Selection of the Month
During the month of May in the 1920s, Bellingham hosted what Lottie Roeder Roth then called the town’s “most distinctive and beautiful community activity” – the annual Tulip Festival. The multi-day event included extravagant floral parades and the ever-popular Tulip Queen coronation in which a Queen and her Royal Attendant were chosen to reign over the festivities. In 1928, Gena Opstad was crowned Queen and twenty-five year old Fairhaven High School teacher Doris Mae Johnson was named Princess. In June of that year, both women were invited on a three-week cruise through the waters of Alaska, during which they visited “the principle Alaska cities on a tour of good will and pleasure.”
Doris Mae kept a journal chronicling her adventures in the North, recounting the day-to-day details of the trip and illustrating them with photographs and clippings. She describes embarking on the S.S. Admiral Watson at Seattle on June 6, 1928, along with Queen Gene and a host of other guests. Captained by Master Charles C. Graham, the ship was destined for several Alaskan ports of call including Ketchikan, Petersburg, Juneau, Yakutat, Cordova, Seward, Seldovia and Kodiak.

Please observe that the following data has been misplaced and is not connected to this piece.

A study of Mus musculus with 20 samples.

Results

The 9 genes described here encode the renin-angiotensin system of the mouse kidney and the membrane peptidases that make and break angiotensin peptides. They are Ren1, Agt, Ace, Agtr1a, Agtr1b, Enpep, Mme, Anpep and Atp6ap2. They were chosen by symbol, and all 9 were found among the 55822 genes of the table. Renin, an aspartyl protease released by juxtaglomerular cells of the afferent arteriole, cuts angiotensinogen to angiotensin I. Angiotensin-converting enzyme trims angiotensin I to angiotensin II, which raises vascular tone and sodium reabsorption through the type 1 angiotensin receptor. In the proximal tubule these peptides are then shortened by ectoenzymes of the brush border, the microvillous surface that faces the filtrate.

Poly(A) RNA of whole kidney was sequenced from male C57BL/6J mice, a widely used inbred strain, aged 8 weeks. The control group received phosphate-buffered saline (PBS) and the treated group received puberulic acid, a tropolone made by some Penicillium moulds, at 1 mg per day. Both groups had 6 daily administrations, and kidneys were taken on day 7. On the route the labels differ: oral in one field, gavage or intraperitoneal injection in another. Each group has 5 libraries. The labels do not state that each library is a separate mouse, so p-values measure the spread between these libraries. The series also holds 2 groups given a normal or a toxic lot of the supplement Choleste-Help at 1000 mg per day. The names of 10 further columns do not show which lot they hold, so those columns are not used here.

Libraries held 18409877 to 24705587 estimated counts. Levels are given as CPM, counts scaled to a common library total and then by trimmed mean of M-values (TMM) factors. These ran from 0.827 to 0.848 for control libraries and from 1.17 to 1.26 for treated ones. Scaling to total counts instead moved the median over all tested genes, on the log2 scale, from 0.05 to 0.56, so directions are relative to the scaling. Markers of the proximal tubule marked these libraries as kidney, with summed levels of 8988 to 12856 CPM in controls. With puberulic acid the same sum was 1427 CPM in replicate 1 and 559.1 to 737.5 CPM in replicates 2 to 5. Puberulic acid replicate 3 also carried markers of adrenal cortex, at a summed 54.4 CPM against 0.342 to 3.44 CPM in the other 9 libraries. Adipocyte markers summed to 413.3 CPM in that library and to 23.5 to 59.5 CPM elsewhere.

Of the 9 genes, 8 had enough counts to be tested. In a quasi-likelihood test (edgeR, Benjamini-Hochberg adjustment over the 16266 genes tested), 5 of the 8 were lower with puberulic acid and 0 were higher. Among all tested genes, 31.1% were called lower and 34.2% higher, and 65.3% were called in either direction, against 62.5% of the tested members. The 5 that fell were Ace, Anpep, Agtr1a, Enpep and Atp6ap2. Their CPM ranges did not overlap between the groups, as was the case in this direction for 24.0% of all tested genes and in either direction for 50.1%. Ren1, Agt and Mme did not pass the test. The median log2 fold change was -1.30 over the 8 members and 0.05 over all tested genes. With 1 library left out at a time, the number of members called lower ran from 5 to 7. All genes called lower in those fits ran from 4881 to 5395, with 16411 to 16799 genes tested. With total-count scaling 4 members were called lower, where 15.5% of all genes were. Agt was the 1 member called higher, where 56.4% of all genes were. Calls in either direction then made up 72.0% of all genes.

While at sea (and not battling bouts of seasickness), the passengers enjoyed gourmet meals, played bridge, sewed costumes and quilts, and attended musical concerts. Excursions in port included visiting the Mendenhall Glacier in Juneau, and touring seafood canneries where they saw “thousands of frozen fish” including “halibut at least ten feet long.” They also visited Russian Orthodox churches, went souvenir shopping, attended numerous social engagements with local residents, and fended off “terrible” mosquitoes.
Highlights of the trip included sailing past the Columbia Glacier, which Doris describes as “a marvelous sight… just a mass of clear blue ice… too beautiful describe.” She recounts seeing whales, sea lions, huskies, reindeer and even “the cutest bear cub” which was brought back on board to the delight of the passengers. “We had a lot of fun with it,” Doris recalls. On their last night at sea, Doris describes the sun setting in “red, red flame… for hours it reflected gold pink and purple in the skies.”
The Doris Mae Johnson diary is available for public viewing in the CPNWS Miscellaneous Manuscripts Collection at the Center for Pacific Northwest Studies, a unit of Western Libraries Heritage Resources.
- Doris May Johnson diary, 1928, CPNWS Miscellaneous Manuscripts Collection, Center for Pacific Northwest Studies, Western Libraries Heritage Resources.
- Lottie Roeder Roth, “History of Whatcom County,” Vol. I, pp. 782-783, Archives Building Reference Library.